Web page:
Technical review of residential programmable communication thermostat implementation for Title 24
- Author(s): Do, Alexander;
- Burke, William J;
- Auslander, David M;
- White, Richard M;
- Wright, Paul K
- et al.
A research team at the University of California, Berkeley was tasked with addressing technical questions arising from the implementation of residential programmable communicating thermostats (PCTs) in California to meet updates to Title 24 building code related to PCTs. The purpose of the project was to perform research, development, and demonstration tasks to: validate the California Energy Commission’s PCT vision, answer technical issues related to system integration and implementation, recommend a suitable technology for a statewide one-way communication system for PCTs, and develop a methodology to study the impact of PCTs on electrical demand. The team performed several tasks to achieve these goals.
The team validated the Energy Commission’s vision by concluding that it was possible for manufacturers to develop PCTs that: met the proposed Title 24 system interface requirements, could be sold at a retail price less than $100, and could be manufactured within the Energy Commission’s planned Title 24 timeline. This conclusion was the result of a concept for a minimum functionality PCT that was published as a bill of materials and validated with a working proof-of-concept demonstration.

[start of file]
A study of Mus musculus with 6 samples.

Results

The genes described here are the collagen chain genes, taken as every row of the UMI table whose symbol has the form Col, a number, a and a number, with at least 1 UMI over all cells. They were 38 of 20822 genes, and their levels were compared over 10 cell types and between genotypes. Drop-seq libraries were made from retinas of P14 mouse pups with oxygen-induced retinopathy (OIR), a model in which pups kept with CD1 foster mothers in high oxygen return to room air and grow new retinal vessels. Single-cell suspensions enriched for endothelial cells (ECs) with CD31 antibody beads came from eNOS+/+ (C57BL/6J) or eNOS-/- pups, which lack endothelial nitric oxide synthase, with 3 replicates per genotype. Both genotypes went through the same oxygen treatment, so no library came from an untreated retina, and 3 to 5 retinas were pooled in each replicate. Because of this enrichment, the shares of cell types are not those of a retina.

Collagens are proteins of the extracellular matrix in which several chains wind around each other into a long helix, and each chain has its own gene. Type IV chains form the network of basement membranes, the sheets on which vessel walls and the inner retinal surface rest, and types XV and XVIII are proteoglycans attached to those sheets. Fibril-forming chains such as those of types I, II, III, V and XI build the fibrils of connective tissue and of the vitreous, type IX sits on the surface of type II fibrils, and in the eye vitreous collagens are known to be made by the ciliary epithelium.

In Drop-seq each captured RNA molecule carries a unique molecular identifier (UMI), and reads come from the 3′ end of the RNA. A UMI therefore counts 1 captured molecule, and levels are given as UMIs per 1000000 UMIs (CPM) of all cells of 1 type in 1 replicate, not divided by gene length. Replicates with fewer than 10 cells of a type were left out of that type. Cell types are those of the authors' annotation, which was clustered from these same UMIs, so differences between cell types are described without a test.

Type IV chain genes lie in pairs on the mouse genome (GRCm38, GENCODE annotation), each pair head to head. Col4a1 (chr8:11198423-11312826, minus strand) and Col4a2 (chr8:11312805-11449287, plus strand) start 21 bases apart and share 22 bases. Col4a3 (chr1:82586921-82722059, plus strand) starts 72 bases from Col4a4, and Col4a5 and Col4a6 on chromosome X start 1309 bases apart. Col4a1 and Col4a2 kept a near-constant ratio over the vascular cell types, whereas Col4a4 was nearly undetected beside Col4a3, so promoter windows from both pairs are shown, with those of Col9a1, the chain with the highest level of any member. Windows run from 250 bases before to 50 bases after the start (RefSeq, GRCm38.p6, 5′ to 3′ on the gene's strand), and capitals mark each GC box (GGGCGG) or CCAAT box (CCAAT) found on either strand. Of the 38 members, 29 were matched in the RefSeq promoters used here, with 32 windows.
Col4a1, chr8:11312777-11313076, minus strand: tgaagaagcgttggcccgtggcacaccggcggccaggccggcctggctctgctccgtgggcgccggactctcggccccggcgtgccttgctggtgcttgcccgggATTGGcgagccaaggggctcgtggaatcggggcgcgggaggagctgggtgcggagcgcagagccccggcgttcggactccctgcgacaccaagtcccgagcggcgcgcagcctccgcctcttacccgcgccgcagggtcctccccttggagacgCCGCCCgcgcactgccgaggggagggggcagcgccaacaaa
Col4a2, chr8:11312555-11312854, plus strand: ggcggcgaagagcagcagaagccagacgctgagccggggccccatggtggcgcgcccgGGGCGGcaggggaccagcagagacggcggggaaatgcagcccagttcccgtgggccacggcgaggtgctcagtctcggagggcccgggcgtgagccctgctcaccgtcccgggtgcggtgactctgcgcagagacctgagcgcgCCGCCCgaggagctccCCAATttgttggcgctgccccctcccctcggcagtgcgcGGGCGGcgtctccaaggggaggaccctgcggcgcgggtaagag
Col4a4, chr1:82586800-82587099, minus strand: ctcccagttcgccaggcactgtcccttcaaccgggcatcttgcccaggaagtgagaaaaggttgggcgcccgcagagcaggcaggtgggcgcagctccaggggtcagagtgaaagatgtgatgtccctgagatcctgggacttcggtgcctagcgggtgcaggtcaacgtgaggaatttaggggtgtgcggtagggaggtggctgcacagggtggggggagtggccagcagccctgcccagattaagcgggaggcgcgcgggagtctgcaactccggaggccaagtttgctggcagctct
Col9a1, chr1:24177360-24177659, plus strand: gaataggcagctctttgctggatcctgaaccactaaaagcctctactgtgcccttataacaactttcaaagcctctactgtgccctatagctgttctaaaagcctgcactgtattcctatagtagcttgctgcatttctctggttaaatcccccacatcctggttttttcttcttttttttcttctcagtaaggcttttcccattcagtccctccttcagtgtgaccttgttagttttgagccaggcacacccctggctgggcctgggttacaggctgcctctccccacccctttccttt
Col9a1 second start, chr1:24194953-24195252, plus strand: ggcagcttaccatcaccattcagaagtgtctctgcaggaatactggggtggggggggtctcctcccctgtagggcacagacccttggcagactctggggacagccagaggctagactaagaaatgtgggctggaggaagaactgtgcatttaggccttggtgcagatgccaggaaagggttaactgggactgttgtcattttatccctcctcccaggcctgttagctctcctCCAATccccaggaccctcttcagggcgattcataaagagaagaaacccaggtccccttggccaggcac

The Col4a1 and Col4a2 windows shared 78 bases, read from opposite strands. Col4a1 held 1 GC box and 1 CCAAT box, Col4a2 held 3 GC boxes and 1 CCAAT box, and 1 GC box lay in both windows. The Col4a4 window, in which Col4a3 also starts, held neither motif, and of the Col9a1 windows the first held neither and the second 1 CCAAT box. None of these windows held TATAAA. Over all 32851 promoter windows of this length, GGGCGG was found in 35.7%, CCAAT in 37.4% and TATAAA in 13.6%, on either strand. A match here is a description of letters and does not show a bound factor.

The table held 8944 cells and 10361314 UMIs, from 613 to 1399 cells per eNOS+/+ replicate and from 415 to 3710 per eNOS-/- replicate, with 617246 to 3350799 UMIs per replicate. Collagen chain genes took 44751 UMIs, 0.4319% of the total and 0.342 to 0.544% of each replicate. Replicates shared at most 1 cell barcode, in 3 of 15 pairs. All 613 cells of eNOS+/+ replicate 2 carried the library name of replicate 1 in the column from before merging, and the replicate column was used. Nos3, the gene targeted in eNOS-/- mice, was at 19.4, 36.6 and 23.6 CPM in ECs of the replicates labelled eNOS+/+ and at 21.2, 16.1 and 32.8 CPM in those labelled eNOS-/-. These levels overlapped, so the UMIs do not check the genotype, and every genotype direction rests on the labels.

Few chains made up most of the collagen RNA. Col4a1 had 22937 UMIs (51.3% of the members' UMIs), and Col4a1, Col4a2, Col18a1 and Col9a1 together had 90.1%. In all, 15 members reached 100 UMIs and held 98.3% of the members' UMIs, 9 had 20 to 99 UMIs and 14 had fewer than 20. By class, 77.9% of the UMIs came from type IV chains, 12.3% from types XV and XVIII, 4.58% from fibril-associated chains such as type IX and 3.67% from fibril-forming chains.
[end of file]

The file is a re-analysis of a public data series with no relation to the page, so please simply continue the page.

The team researched PCT system interfaces and identified technical issues related to system integration and implementation that should be considered as part of the policy, technology, and system design related to PCT implementation.
The team reviewed technologies that could be used for statewide PCT communication and recommended the Radio Data System (RDS) technology as a suitable solution. The team demonstrated the feasibility of this technology and developed a site survey tool and methodology to study its real-world performance.
Finally, the team developed a load group simulation to characterize the result of PCT pricing and control signals and used the simulation to study certain demand response scenarios. The team found that rebound peak from demand response events can be significant and that strategies to manage this peak should be investigated further.